The Changing Dynamics of Nicknames in ‘Gordo’

Jaime Cortez’s perceptive, culturally knowledgeable short story collection, the December California Book Club selection, features characters with expressive nicknames.

jaime cortez, gordo, nicknames, california book club, alta journal

Mexicans and Chicanos adore nicknames. Jaime Cortez captures this quirk, as well as many other culture peculiarities, in his tenderhearted story collection, Gordo. The title of the book is itself a nickname for the husky boy who narrates the majority of the stories.

Cortez explains that “in the barrio, your nickname takes over, and most people can’t even remember your real name anymore.” In the migrant worker camp near Watsonville, a nickname can convey physicality or personality. A body can be criticized for being too thin, as is the case for Flaco, but it can also fall short for being too big, as is true for both Fat Cookie and Gordo. In this rural California landscape where blue-collar families struggle, a nickname establishes a person’s value. It megaphones whether a person is a joke or a hero. One simply has to look at a nickname to determine someone’s place in society.

While Gordo navigates the reader through many of the stories, Cortez introduces other characters in the community by nicknames as well, including Cookie, Los Tigres, Head and Shoulders, Spooky, Shy Boy, Tinman, Negro, Pati the Mouth, and Raygay, also known as Raymundo the Fag.

Nowhere are nicknames more transformative than in the stories “The Problem of Style” and “Raymundo the Fag.” The former centers on a queer young man named Raymundo Sanchez. Like many young people entering junior high, Raymundo becomes style-conscious and wants his longer hair to be a form of self-expression. Cortez writes that Raymundo “curled the waves of it around his fingers, spiraling into sleep where he imagined himself gestating in a silken black cocoon.” Cortez’s cocoon imagery relies on the language of transformation to intimate the miraculous cycle of metamorphosis and rebirth.

But his longer locks are beautiful only to Raymundo, and it doesn’t take long before he is assigned the nicknames Raygay and eventually Raymundo the Fag. Raymundo is bullied relentlessly by boys in his class: “Life [becomes] dangerous.” Raymundo at first fights the new nicknames. Cortez gestures at the fact that Raymundo tries to avoid these physical altercations, but they keep following him. Later, he is forced to accept his bullies’ demeaning perceptions and says, “If you say so. That’s what I am.” But by the end of “The Problem of Style,” Raymundo has not only resigned himself to the taunting nicknames but also relaxed into himself, indulging in a whim to wear a gold chain-link belt to school. This fashion item represents his burgeoning style but also doubles as a potential weapon against his tormentors.

When the reader encounters Raymundo again in “Raymundo the Fag,” we almost expect another tale of hardship. Instead, the chrysalis process that began in “The Problem of Style” has completed itself. The adult version of Raymundo excels at his job as a hairstylist, and his talent has developed. Whereas as a teenager he was able to reimagine his ideal self with long hair and a hip sway, the adult Raymundo’s “great gift and burden was to look any woman in the face and envision the perfect hairdo for her.” His skills have broadened to the point that he can transform others.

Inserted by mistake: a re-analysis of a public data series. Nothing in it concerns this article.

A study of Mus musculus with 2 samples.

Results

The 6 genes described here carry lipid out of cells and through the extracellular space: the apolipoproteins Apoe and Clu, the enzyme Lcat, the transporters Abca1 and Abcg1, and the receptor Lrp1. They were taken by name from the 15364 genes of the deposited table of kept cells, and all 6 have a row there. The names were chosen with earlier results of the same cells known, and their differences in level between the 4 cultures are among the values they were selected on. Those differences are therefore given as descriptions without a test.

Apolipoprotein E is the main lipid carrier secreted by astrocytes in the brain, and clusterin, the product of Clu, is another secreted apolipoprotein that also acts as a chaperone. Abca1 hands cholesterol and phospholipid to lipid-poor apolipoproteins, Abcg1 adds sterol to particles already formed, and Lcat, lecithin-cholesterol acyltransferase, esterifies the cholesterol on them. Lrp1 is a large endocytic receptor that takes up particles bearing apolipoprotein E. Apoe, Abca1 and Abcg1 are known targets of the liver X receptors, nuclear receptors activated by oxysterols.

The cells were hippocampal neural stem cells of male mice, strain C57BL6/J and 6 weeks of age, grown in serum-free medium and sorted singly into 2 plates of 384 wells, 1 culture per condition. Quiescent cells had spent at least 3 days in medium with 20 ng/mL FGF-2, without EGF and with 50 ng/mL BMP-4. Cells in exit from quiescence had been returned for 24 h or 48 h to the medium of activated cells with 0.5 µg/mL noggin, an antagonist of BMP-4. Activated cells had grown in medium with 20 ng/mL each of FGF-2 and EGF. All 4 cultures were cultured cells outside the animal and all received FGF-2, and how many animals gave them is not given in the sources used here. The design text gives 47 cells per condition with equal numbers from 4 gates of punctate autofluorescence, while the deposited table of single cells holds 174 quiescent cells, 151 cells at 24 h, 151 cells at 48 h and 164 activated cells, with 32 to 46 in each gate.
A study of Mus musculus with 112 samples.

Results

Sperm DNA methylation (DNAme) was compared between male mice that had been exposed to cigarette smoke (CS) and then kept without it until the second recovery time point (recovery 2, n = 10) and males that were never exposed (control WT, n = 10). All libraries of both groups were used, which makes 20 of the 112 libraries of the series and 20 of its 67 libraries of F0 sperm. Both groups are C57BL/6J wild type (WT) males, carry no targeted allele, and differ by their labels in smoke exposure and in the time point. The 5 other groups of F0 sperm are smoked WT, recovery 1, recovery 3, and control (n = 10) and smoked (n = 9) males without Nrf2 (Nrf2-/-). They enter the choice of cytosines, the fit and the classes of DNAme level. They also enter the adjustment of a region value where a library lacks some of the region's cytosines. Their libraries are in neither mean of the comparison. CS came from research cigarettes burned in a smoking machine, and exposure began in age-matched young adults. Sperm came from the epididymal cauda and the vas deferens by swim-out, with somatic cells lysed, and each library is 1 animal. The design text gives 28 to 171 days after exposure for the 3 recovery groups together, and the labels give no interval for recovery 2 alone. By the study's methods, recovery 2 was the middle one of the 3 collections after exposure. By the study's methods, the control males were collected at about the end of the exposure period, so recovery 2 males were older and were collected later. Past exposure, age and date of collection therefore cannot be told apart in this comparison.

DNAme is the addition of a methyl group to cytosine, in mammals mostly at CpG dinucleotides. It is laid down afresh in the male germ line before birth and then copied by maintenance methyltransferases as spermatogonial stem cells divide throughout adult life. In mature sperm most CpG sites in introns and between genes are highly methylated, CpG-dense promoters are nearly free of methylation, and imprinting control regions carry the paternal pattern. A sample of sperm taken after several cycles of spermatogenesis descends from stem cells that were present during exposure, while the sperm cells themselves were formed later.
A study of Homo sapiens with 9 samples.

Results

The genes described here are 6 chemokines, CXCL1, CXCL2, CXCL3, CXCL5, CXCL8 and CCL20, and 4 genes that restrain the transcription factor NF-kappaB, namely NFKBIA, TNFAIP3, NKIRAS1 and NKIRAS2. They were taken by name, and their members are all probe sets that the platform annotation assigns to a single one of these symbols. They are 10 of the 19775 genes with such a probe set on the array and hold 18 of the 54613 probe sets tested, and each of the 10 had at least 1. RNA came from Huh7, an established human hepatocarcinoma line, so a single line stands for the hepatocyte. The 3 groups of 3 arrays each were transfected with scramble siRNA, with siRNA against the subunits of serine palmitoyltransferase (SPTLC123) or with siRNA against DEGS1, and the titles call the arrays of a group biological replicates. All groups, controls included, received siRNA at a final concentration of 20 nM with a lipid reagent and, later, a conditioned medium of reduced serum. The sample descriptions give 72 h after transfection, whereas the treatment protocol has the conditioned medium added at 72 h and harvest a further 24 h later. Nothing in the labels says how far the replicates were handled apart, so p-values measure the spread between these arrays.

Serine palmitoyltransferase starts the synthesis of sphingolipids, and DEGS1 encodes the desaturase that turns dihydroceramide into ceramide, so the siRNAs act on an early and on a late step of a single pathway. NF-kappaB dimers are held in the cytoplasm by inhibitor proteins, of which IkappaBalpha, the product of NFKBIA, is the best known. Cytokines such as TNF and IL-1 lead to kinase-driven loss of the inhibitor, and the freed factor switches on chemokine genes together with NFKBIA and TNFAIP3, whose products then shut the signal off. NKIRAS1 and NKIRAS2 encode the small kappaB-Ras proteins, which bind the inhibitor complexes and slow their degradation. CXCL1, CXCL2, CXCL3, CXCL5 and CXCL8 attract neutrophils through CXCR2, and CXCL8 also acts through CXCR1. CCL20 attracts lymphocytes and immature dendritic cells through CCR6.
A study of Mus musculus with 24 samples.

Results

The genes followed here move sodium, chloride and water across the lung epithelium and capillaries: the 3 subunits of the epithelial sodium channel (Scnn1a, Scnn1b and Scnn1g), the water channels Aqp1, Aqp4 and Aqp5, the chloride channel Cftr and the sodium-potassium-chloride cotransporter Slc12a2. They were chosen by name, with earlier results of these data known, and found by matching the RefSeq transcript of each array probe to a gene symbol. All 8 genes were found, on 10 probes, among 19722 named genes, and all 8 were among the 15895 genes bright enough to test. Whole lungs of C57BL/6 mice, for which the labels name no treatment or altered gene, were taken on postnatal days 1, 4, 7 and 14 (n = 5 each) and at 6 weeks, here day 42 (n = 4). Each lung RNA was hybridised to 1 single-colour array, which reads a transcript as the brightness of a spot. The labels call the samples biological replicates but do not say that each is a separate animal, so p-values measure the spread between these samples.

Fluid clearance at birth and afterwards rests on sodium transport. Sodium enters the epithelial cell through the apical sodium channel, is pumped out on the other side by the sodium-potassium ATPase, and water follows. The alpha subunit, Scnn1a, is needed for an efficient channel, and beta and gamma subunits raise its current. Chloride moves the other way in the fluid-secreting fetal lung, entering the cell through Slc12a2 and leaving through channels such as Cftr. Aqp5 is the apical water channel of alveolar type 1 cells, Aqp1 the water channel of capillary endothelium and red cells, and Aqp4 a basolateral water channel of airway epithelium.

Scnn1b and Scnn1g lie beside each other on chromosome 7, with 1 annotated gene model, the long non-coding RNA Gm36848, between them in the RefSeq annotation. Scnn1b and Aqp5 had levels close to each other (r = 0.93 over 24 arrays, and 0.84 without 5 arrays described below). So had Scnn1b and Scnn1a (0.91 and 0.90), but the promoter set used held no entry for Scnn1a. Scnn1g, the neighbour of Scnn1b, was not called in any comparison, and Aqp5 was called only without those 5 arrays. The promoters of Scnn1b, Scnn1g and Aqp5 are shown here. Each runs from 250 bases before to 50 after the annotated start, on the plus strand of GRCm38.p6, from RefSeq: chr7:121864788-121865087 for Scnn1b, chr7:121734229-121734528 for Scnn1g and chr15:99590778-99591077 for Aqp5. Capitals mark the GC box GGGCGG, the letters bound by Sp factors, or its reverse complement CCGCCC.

Although the story is titled “Raymundo the Fag,” the worst name he endures in the latter story is Rayboy. In fact, Cookie affectionately refers to him as Mundo, the Spanish word for “world.” With the nickname Mundo, Raymundo has more social capital. World is a more apt nickname for the magician who transforms everyone into their most confident, attractive self. No matter the customer, Mundo has the ability to make them feel most like themselves. When he spins them around to face a mirror after a styling, many of his clients cry with joy.

Cortez’s karmic sense of humor is displayed when Raymundo is called in to help fix the hair on Shy Boy’s corpse. Disfigured in a violent incident, Shy Boy, birth name Mauricio, has lost part of the left side of his head. The funeral home’s effort to re-create Mauricio’s natural appearance fails, and so his wife requests Raymundo’s assistance.

Raymundo accepts the task. In the final pages of the story, Cortez reveals that Shy Boy had not only bullied Raymundo but was the very person who coined the homophobic nickname Raygay. When they were kids, Shy Boy bullied Raymundo for his wide-hipped walk and his proximity to femininity.

The cosmic circle closes when Raymundo succeeds where the mortician before him failed. He evaluates Mauricio’s thin hair with his fingertips. Raymundo concludes that he has a close replication in his car. The match is none other than a Wonder Woman wig Raymundo wore at Halloween. Ironically, the world is set right only when the slightly altered Wonder Woman wig fits Mauricio. Cortez writes, “Sweet Jesus. It was perfect.” Mauricio, who taunted a boy he believed was a sissy, is perfect only when he is laid to rest in drag.

One reason Gordo is such a satisfying collection is because Cortez both upholds and subverts the laws of his own fictional universe. While nicknames serve as informative and often humorous guides for the reader, it would be a mistake to assume that every character’s fate is fixed. Raymundo’s transformation earns him the expansive nickname Mundo. The meek cannot only inherit the world; they can become it.•

Join us on Zoom on December 15 at 5 p.m. Pacific time, when Cortez will join CBC host John Freeman and special guest Sandra Cisneros to discuss Gordo. Please stop by the Alta Clubhouse to let us and your fellow book club members know your thoughts about the book. Register for the event.


Ursula Villarreal-Moura is the author of Math for the Self-Crippling and the forthcoming Like Happiness.